An entity operates based on various legislations or codes that have been passed internally or externally through different well-established bodies entrusted with such a mandate. These laws cut across various business operations that, in certain instances, are likely to be overlooked by the entity’s administration. The ignoring of the applicable laws results in multiple limitations in the operation of a given entity and attracting unimaginable liabilities that cost the entity in the long run.
The leadership in organized entities always appreciates the need to be abreast of the laws that affect their business and to what extent or whether new executive decisions need to be made to protect the entity’s interest. In that regard, an entity is subjected to a periodic legal audit and compliance process in two essential folds: internal and external legal audit and compliance.
Internal legal audit and compliance processes are more advantageous to big organisations that have an in-house counsel or an in-house legal department that enables them to have a yearly legal audit. Entities using the internal model are likely to be exposed to possible rampant changes in the law that happen when the parliamentary bodies pass legislation, which is then assented by the president or when government agencies/ authorities exercise their statutory powers to pass various regulations through Gazette Notices.
An external legal audit is effected in two folds. In big organisations, regardless of having an in-house legal department/ team that conducts legal audit and compliance, there is always the need to allow a third-party (external lawyers’) to perform the legal audit. Ideally, the big organisation will always secure external counsel to conduct legal audits and compliance in a two- or three-year cycle. The other external legal audit model is effected directly by external lawyers; this is whereby the organisation does secure the external lawyers to conduct a yearly or once every two years legal audit on the operations of the organisation.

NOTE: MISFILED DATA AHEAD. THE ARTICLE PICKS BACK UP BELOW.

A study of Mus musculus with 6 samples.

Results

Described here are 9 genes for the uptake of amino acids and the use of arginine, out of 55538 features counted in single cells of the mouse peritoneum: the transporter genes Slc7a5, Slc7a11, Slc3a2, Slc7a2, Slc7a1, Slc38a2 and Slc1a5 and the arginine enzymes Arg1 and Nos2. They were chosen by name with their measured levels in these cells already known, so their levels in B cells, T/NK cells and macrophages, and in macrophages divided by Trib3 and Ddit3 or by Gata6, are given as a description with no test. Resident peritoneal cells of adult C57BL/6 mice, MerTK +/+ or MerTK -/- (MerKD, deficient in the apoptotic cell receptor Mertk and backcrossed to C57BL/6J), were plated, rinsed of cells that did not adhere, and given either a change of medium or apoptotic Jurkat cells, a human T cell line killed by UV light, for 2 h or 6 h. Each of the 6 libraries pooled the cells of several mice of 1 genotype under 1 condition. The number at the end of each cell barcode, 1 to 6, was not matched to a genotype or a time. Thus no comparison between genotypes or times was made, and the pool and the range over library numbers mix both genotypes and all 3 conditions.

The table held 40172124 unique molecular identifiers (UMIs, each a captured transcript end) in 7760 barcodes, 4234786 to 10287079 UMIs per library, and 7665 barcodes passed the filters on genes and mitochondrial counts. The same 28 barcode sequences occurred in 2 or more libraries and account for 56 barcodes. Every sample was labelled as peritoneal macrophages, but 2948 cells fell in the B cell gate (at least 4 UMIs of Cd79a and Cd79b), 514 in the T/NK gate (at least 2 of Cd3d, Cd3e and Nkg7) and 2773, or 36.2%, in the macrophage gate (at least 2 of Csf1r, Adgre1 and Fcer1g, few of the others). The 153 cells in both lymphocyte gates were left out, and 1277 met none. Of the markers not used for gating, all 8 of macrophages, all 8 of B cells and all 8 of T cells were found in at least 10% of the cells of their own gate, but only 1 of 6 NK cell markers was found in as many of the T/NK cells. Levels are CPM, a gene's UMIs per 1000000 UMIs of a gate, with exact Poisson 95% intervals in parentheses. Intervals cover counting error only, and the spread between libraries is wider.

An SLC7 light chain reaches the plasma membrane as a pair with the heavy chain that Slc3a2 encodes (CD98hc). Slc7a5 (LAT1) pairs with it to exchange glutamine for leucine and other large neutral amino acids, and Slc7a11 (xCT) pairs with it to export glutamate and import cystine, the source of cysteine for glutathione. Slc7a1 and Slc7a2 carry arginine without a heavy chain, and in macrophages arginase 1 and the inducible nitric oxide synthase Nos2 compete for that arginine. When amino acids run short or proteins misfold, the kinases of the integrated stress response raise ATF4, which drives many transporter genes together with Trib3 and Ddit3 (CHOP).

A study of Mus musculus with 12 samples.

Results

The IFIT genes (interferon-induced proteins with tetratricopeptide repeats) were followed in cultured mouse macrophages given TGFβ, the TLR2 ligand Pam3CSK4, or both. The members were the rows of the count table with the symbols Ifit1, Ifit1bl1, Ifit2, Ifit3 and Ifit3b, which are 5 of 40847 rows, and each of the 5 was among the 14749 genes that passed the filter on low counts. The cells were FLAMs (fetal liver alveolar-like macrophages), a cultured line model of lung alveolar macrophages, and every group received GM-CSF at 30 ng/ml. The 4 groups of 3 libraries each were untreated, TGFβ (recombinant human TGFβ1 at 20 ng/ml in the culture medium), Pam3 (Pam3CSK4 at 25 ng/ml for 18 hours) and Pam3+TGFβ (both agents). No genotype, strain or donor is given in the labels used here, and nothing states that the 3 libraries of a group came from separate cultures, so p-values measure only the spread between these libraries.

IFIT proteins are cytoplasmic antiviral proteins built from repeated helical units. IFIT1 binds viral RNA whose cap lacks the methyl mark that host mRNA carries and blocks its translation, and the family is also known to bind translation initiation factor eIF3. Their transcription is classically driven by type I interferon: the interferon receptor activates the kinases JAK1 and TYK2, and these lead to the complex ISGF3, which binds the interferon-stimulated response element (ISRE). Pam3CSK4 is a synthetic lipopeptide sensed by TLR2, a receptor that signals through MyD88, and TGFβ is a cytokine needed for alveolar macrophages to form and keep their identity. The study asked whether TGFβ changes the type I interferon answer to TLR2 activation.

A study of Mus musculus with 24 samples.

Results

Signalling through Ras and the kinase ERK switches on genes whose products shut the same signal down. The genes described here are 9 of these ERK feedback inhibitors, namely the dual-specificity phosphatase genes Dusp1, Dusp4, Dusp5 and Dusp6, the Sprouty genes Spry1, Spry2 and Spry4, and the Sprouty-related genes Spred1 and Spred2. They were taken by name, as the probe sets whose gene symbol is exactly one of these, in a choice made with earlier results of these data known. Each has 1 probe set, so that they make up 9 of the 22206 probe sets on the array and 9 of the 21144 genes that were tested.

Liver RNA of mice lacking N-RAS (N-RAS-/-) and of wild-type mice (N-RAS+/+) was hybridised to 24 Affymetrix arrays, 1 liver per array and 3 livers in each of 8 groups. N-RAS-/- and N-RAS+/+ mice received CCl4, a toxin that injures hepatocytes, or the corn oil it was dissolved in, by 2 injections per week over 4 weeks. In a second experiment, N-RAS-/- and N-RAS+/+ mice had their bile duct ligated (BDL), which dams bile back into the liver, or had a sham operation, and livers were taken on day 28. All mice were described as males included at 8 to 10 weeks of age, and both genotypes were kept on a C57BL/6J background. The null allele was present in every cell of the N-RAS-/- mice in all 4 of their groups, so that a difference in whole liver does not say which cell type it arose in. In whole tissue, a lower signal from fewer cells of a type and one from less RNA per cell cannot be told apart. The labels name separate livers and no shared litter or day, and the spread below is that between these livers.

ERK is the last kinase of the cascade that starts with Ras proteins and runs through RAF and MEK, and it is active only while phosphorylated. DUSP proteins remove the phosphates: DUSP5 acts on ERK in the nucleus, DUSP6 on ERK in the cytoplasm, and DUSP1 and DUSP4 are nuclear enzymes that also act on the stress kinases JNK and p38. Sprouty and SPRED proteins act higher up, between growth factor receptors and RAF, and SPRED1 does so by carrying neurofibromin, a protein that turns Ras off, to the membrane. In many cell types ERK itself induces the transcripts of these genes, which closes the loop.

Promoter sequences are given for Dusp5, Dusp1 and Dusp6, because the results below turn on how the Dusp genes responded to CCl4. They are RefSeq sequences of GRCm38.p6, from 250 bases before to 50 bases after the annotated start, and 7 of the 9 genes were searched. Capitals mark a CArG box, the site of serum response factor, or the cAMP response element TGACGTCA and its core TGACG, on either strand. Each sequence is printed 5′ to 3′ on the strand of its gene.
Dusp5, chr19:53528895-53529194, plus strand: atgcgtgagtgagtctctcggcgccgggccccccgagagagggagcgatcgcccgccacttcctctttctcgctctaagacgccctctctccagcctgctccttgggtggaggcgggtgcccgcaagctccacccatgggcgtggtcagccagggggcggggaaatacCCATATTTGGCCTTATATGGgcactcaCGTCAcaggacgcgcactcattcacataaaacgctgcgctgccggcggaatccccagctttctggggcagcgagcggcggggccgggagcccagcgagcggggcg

The legal audit process initiates by understanding the operations of the company. It is essential to understand the various dimensions in terms of the past, current – experiences/ operations – and future of the entity; for instance, companies registered under the repealed Companies Act, CAP 486 had precise objectives unlike some under the Companies Act, 2015 – however, even some companies registered under the Companies Act, 2015 have precise objectives depending on the industry targets such as Insurance, Banking Sector, any product under the Capital Markets Authority, Energy, among others. Therefore, if a company’s operations seem to be broad and with many subsidiaries, it is essential to be briefed by the management about its businesses and objectives.
The process of conducting legal audit and compliance entails focusing on all laws that affect a business, which includes various categories such companies’ laws, land and environment laws, intellectual property laws, tax laws, capital markets laws, employment laws, immigration laws, sector-specific laws, among other laws. The outcome is always a detailed Initial Report with a Matrix Report that will guide the organisation on how to move on and comply with the law.
A legal audit is beneficial to the shareholders as it reduces unnecessary liabilities that result in costs that affect profit margins, the executives since it streamlines operations and knows how to maneuver effortlessly as they structure the direction and goals of the organisations, smooth interactions with government agencies or bodies, and boost a positive reputation across the market.